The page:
Wood Floors--What's Hot, What's Not

What's Hot in Wood

Wood flooring is truly timeless. Many of us grew up in homes with hardwood floors, and these floors are still in fashion today. In fact, the most popular mid-century stain colors are also some of todays best selling colors: natural (that darkened and yellowed with time), walnut, and golden oak. Over the years the most common widths in wood have been narrow, between 2" and 3" wide. So if you have 2 ¼" wide medium-colored oak wood floors, don't worry, you are still in style, and always will be.

But just like with computers and cell phones, there is always something newer and greater on the horizon. Trends to watch for include:

~hand scraped hardwoods. Look for softer scrapes in species like hickory, maple, and birch. Hand scraping mimics an old floor that has been gently worn by time and footsteps. These floors have a contoured surface that looks comfortably "lived in". Individual planks bear the subtle grooves, scallops and scrapes - even beveled edges - of an artisan's chisel.
~stains that are more brown and less red. Today's popular stain colors include saddle, mocha, coffee, provincial, special walnut, English chestnut, and early American.
~Barnwood and reclaimed visuals. This is simply old, antique wood that has been salvaged from buildings such as aging barns, factories, warehouses - all types of old buildings that are being deconstructed. Reclaimed antique wood has a beautiful and unique patina that only time can give it. (These floors are also among the more expensive flooring options.)

~gray stains; white washed wood
~wire brushed, aged looks. This technique consists of running a wire brush over wood flooring, creating a rough, hard surface. The wire brush gets rid of the soft wood on the surface, making the floor more durable, less slippery, and easier to maintain. Some have polyurethane finishes, others are oil rubbed.Wire brushed floors can withstand wear and tear, making them a great option for households with kids or pets. These floors are meant to have a rough, earthy feel.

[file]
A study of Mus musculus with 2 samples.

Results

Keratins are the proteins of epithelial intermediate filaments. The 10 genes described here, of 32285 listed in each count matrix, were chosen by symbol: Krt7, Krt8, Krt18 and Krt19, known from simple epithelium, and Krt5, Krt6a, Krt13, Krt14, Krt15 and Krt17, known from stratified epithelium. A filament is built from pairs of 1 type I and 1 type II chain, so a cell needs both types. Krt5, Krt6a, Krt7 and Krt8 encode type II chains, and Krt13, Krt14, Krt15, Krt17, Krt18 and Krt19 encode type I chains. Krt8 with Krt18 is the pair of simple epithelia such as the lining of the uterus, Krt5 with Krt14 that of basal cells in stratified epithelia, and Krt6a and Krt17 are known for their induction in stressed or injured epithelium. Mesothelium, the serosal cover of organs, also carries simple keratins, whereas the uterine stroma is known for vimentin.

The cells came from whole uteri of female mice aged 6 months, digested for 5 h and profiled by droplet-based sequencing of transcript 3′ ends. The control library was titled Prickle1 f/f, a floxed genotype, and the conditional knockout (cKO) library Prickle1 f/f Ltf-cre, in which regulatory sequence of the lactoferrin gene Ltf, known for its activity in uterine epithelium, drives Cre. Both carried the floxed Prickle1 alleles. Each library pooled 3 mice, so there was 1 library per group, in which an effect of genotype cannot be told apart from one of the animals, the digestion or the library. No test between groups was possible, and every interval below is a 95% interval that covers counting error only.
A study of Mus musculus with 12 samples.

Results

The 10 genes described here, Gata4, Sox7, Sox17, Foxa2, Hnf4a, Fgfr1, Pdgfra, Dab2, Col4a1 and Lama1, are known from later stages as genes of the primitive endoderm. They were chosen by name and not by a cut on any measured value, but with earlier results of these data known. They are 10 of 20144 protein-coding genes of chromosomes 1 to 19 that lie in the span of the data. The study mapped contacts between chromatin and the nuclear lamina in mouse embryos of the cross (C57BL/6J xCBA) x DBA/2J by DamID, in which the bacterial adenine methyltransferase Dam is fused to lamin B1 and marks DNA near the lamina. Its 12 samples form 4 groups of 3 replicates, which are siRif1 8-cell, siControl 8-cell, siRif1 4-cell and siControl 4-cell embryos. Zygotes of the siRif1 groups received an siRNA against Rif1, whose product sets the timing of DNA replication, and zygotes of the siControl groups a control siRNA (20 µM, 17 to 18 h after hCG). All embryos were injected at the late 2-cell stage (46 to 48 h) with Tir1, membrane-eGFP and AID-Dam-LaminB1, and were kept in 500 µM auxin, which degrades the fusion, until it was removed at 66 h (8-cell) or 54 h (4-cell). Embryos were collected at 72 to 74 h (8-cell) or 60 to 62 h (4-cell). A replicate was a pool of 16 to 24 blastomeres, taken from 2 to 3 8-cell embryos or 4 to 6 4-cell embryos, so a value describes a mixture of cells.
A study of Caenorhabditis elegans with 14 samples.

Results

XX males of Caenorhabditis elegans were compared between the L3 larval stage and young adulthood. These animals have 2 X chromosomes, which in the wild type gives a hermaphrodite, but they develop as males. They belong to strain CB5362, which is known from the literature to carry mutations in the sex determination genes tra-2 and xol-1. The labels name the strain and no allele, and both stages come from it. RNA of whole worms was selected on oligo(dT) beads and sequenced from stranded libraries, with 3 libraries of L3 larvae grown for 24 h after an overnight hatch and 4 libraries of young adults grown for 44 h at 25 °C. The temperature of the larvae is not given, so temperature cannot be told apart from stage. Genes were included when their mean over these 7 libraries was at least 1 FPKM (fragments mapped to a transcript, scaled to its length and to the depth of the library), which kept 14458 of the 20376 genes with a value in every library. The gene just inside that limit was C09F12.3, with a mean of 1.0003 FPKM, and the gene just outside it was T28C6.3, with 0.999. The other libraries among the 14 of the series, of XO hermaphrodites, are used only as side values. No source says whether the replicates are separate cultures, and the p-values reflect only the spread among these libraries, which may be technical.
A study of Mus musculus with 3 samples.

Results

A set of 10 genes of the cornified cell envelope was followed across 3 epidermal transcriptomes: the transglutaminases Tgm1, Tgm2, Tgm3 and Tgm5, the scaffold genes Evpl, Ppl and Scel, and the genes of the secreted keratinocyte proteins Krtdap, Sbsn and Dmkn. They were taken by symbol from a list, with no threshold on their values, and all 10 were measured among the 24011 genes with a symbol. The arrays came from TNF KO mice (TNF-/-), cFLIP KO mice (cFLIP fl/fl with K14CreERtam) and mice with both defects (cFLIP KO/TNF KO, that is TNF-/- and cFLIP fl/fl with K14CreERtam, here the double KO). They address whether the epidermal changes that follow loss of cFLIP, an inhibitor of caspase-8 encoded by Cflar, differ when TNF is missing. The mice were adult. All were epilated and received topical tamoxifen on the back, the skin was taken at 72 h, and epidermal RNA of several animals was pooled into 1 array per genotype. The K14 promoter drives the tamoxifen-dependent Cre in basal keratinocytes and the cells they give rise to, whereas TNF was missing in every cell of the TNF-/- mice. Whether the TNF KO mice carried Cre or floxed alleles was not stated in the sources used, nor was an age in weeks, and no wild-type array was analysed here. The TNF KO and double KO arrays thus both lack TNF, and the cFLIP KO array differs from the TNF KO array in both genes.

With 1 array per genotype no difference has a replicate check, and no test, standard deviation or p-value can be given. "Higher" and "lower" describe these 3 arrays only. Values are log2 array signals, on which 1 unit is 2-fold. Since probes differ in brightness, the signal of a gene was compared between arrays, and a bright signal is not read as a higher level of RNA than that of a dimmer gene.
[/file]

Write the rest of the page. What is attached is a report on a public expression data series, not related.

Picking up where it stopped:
~wider planks and matte (no shine) finishes-this is considered the European look
~white oak and American/domestic exotics like hickory, walnut, birch, and cherry

~acacia---a tree that grows in Africa and Australia. Acacia is filled with knots,
graining, swirls and age circles, is available in various tones of brown, and lends itself well to hand-scraping
~dual stain/color washing---layers of different stains that replicate a finish found in many of today's higher end cabinetry and furniture
~French bleed----a blackened bevel. This dark color usually draws a contrast between the color of the planks and the bevel serving to outline each board.

Essentially, a French bleed is intended to give the
look of a very old wood floor that has collected dust and dirt between the boards that no amount of sweeping will remove.
~character grade woods---wood with lots of knots, mineral streaks, worm holes and other natural and rustic characteristics
~strand woven bamboo
~longer length boards


Out, or On The Way Out

One of my least favorite things to write about is what is "out" in flooring, because it can make you feel bad if you have something in your home that is no longer popular. In fact, it seems that I usually have at least one of the items from the "out" list in my home and I love it! So let it be said that it is your house and if you love it,
it's always in style.

Your home is a reflection of you and your taste. But.....if you are currently shopping for new wood floors, or will be refinishing your existing wood and changing the color, keep these trends in mind:
~parquet---makes your home feel dated
~traditional bamboo (vertical or horizontal)
~exotic woods like Brazilian cherry, Santos mahogany, merbau, tigerwood
~red stain colors like cherry and cinnamon, natural red oak
~dark stains like black, espresso, ebony
~lots of short boards----they just don't feel in correct proportion in large rooms and today's open floor plans

Made In The USA and Proud Of It!

One of the nicest things about our showroom is that the majority of our products are made in the USA. This was an interesting survey we came across:

The Boston Consulting Group reported that more than 60% of Chinese consumers would pay more for U.S. made products and nearly 50% of Chinese consumers prefer a U.S.-made product to a China-made product of similar price and quality.

Boston Consulting also said its survey showed that both U.S. and Chinese consumers overwhelmingly believe that American products are higher quality, with 85% of U.S. consumers and 82% of Chinese consumers saying they "agree" or "strongly agree" that they feel better about Made in USA quality.